Breaking the Glass Ceiling: A Perspective from a Women to Watch Recipient

By Maureen Renzi, vice president, communications


It’s no secret that women are underrepresented in leadership roles in accounting firms and in boardrooms. But there are many bright stars who are members of the PICPA. We initiated the Women to Watch program in conjunction with the AICPA’s Women’s Initiative Executive Committee to elevate the accomplishments of these female CPAs. Women to Watch recipients have been recognized for their personal success and commitment to fostering the success of others. I spoke with Bandana Jha, one of the 2018 recipients, to provide some insight into what her experiences have been as a chief financial officer and chief operating officer.

Jha Bandana, CPAHave you ever been the only woman at a board table, and has this influenced your effectiveness?

There is a definite underrepresentation of women in board-level decisions, but luckily it has not negatively impacted my effectiveness. I leverage my corporate finance and CPA skillset to take a data-driven approach to my decisions and recommendations. Often decisions are informed by those fact-driven assessments. But we can always do better. The comprehensiveness of a fact pattern depends on who's looking at it, and the more women and other factors representing diversity of thought, the better.

How important is it to build alliances? Do they need to be with other women?

It's very important to build alliances that encompass your ideas, passions, and, most importantly, values. Gender was never a driver for me. My first boss was a woman and my lifetime mentors are two men. If your approach is values-based, your alliances and mentors can span genders to include people who can be unbiased and fair. That said, I try to forge alliances with junior women to make sure that they have a senior female sponsor at all times.

You are a proponent of an open-door policy when it comes to obtaining feedback from your employees. How does that work and how do you manage interruptions?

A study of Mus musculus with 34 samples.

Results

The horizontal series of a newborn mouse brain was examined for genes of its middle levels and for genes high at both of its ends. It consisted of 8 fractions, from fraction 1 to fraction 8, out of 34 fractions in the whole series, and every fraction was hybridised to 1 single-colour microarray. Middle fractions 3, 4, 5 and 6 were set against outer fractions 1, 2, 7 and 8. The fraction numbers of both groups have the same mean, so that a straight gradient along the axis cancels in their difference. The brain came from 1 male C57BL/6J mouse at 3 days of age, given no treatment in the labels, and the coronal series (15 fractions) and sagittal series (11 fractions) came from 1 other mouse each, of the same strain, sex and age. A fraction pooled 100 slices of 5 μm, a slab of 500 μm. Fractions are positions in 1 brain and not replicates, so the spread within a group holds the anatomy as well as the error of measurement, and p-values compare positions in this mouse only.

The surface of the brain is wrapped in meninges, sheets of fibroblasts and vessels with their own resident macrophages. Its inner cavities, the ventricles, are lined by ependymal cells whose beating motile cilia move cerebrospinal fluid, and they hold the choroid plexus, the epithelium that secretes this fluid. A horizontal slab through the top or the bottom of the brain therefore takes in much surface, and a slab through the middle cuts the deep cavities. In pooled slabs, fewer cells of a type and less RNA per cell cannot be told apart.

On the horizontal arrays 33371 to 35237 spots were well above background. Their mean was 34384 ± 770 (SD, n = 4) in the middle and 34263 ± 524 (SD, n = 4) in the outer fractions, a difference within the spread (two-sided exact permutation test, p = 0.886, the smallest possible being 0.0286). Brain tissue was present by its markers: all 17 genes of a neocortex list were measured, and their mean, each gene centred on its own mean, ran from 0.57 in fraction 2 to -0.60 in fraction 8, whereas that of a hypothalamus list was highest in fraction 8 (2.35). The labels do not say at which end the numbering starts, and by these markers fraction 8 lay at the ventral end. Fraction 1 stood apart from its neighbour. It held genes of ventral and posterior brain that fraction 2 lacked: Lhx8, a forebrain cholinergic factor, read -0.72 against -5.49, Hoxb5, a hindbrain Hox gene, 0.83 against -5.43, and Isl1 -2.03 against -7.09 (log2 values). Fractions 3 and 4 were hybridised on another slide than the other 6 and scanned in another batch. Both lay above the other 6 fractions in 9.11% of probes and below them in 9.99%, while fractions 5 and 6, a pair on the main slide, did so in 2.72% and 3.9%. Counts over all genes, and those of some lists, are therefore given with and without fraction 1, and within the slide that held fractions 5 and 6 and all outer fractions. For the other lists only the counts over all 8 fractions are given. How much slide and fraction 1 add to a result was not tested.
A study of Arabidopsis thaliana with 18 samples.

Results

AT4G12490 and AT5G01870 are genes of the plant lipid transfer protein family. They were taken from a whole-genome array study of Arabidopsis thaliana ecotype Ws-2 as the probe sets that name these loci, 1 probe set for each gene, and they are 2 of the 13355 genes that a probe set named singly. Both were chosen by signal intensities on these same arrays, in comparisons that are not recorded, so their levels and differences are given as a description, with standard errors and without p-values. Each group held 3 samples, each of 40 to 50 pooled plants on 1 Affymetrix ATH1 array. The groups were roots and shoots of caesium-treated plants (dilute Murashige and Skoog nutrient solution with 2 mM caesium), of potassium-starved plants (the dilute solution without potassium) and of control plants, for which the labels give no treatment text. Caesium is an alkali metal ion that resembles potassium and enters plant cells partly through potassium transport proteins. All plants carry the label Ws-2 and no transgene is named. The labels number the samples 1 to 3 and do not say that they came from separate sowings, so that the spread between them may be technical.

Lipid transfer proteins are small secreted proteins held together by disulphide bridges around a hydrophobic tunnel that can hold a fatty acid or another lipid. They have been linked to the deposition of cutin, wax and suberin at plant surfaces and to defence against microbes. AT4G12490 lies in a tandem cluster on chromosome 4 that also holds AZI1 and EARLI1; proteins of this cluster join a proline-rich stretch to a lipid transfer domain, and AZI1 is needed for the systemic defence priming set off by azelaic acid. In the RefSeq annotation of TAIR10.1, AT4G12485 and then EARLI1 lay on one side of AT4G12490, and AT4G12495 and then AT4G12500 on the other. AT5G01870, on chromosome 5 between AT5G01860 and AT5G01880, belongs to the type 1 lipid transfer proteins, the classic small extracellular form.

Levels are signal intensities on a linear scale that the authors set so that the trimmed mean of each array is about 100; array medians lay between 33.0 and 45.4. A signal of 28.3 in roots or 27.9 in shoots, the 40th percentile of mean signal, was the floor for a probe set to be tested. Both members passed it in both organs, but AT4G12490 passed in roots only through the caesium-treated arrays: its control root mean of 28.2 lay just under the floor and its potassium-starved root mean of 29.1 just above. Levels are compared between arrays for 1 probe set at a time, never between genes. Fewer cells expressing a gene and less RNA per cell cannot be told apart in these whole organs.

As a leader, your job is to make sure that the bulk of decisions are made with fairness and accuracy. If you only rely on a chosen few decision makers, you risk compromising the quality of those decisions. That's why I insist on an open-door policy and promote ongoing communication with employees. I find this is especially important for new employees so they feel part of the team from the start. Of course, you have to set some guidelines about hours so you can get your work done as well.

Understanding company policies and job responsibilities is one thing; recognizing the political environment and successfully navigating that is something different. Are there certain skills or traits that can help women advance in a male-dominated industry?

Navigating political currents in a company is hard, yet it is critical for success. It's hard for men and women alike, though some men and women find it easier than others. To me, it's important to build value and purpose-based alliances, and let the rest fall where it may. This has helped me in my career. Hopefully, it will help other women - and men - too.

You have mentored many individuals in your career. What makes for a successful mentoring relationship?

It is a honor to be a mentor to those who choose you. A successful mentoring relationship is about getting to know your mentee, finding out what is most important to them, and helping them unlock their potential. Every mentoring relationship is different, but I tend to do three things for my mentees. First, I encourage them to engage in self-reflection, and advise them that any struggles should be viewed as an opportunity to build character. Second, I try to always be there for my mentee. After all, the mentoring relationship is a journey that mentor and mentee travel together. Finally, I'm honest with my mentee. If I think they need to improve in certain areas, I tell them plainly.


The PICPA is currently accepting nominations for the 2019 Women to Watch recognition. To meet all the 2018 recipients and find out more about the award, visit www.picpa.org/womentowatch. The nomination deadline is Jan. 31.


Bandana Jha, CPA, is a recipient of PICPA’s 2018 Women to Watch Award and was named a “CFO of the Year” by the Philadelphia Business Journal in 2017 for her work as COO and CFO of Urologic Consultants of Southeastern Pennsylvania.